The years between the American Civil War and the election of 1896 were certainly turbulent and exciting times in American politics. More progressive ideology was emerging and political parties were splitting due to differing beliefs. It is among these reasons why the election of 1896 was considered to be a watershed in American politics.


Bryan campaigned throughout the states, earning the nickname of the silver-tongued orator. However, some Democrats disagreed with Bryan’s push for silver currency and formed their own party, The Jeffersonians. “This split in the party put the Democrats well behind the Republicans in organizing their campaign” (Kennedy).

Meanwhile, the Republican campaign “crafted an electoral strategy that emphasized a renewed nationalism based on sectional reconciliation” (Kelly, 2003, p.254). McKinley’s push was to recognize the country as a whole, and not North and South. Additionally, Bryan “alienated many immigrant voters and failed to carry any Northern Industrial states” (“Election of 1896,” n.d.). With McKinley’s victory, the voters showed that the preferred McKinley’s conservative approach to Bryan’s smooth talking, progressive ideas. It is among these reasons that the election of 1896 was considered to be a watershed in American politics.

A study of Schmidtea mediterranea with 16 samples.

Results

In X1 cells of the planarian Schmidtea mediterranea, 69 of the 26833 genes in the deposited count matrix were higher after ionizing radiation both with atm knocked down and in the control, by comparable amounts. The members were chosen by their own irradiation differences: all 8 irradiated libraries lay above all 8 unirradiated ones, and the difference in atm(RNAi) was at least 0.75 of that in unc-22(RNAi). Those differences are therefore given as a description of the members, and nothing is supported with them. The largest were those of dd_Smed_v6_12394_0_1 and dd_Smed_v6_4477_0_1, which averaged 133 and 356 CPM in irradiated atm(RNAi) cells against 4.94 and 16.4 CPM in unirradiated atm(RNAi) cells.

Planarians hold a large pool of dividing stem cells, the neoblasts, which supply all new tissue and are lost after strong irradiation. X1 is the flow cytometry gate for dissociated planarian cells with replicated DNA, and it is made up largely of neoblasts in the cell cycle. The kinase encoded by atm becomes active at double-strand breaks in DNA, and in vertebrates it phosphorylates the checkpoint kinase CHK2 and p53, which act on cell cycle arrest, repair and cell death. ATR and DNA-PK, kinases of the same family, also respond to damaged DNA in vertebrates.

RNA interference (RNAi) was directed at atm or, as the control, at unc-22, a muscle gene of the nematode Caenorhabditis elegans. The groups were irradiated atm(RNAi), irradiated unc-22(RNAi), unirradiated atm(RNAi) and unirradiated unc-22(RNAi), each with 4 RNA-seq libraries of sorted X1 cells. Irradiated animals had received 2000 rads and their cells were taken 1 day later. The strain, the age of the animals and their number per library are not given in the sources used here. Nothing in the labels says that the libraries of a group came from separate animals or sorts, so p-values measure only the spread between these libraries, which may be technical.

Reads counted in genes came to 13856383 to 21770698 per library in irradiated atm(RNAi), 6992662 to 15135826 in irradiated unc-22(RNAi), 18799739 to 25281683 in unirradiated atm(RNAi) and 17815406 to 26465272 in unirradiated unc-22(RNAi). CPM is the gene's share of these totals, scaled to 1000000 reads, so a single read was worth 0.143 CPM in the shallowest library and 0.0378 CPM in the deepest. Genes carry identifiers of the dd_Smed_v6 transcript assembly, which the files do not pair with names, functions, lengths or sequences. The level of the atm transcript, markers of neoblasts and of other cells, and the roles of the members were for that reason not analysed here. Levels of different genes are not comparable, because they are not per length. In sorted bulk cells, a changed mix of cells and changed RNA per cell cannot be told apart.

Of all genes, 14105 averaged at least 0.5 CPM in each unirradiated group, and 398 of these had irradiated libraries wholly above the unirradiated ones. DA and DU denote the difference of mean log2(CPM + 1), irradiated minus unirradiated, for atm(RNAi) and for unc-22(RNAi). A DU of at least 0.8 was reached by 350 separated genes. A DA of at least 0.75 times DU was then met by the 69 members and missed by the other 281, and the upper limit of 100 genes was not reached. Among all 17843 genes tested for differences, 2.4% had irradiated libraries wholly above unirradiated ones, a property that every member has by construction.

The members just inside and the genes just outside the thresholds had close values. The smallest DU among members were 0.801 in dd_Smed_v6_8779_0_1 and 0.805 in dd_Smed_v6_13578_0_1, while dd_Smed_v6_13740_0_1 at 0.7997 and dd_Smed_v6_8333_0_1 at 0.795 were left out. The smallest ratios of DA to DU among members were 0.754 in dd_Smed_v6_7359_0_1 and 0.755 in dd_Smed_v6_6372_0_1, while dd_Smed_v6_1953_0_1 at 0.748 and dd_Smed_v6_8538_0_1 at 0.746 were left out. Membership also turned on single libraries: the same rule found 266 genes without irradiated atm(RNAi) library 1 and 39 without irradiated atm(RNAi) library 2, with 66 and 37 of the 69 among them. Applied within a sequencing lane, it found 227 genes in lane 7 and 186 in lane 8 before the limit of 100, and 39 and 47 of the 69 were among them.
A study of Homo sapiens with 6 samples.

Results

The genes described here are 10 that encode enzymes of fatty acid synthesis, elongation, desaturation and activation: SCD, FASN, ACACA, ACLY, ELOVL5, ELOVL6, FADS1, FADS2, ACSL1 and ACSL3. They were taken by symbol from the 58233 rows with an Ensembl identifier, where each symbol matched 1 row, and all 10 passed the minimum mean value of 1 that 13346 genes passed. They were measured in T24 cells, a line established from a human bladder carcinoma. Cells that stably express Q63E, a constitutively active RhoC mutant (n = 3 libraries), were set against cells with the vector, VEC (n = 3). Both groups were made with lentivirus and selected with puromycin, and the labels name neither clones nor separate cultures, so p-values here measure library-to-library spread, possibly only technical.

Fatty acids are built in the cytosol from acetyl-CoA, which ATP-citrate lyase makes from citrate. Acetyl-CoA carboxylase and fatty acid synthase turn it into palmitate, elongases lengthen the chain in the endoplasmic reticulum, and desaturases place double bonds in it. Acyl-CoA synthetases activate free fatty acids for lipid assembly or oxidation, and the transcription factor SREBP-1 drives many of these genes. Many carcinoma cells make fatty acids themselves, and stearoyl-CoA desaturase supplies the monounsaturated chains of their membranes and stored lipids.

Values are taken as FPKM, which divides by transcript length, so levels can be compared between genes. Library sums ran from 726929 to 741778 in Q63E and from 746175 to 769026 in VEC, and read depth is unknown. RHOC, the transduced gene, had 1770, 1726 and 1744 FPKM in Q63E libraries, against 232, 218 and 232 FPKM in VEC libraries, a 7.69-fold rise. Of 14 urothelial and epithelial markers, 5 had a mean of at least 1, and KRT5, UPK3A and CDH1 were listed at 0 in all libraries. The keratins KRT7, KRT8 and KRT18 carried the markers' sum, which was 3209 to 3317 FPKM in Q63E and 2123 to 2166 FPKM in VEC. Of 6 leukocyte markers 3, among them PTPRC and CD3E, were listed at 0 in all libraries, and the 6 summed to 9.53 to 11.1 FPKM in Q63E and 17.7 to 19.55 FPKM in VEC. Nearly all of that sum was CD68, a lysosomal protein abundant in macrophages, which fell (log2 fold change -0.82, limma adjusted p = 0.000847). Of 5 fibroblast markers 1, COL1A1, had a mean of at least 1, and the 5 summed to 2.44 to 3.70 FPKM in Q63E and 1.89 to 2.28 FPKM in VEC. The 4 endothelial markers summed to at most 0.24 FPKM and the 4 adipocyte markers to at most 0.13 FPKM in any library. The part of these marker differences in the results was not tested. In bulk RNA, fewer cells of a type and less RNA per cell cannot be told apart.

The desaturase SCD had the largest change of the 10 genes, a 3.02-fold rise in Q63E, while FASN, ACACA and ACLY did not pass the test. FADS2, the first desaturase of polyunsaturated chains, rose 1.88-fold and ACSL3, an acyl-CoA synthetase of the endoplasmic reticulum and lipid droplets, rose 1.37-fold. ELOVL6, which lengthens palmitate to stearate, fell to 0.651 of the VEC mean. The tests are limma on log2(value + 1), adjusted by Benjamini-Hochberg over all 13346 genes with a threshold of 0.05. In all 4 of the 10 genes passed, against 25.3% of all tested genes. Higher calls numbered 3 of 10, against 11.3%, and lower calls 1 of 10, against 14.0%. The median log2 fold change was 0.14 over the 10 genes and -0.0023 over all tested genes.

References
  • Election of 1896: Republican McKinley Defeats Democrat Bryan. ( n.d.) Retrieved from http://www.u-s-history.com/
  • Kelly, Patrick. (2003). The Election of 1896 and the Restructuring of the Civil War Memory. Civil War History, 49 (3), 254-280.
  • Kennedy, Joseph S. (1996, August 25). 1896 election a watershed, especially for the county’s GOP the presidential race had a hot issue-and a lasting result. The Philadelphia Inquirer, pp, C1.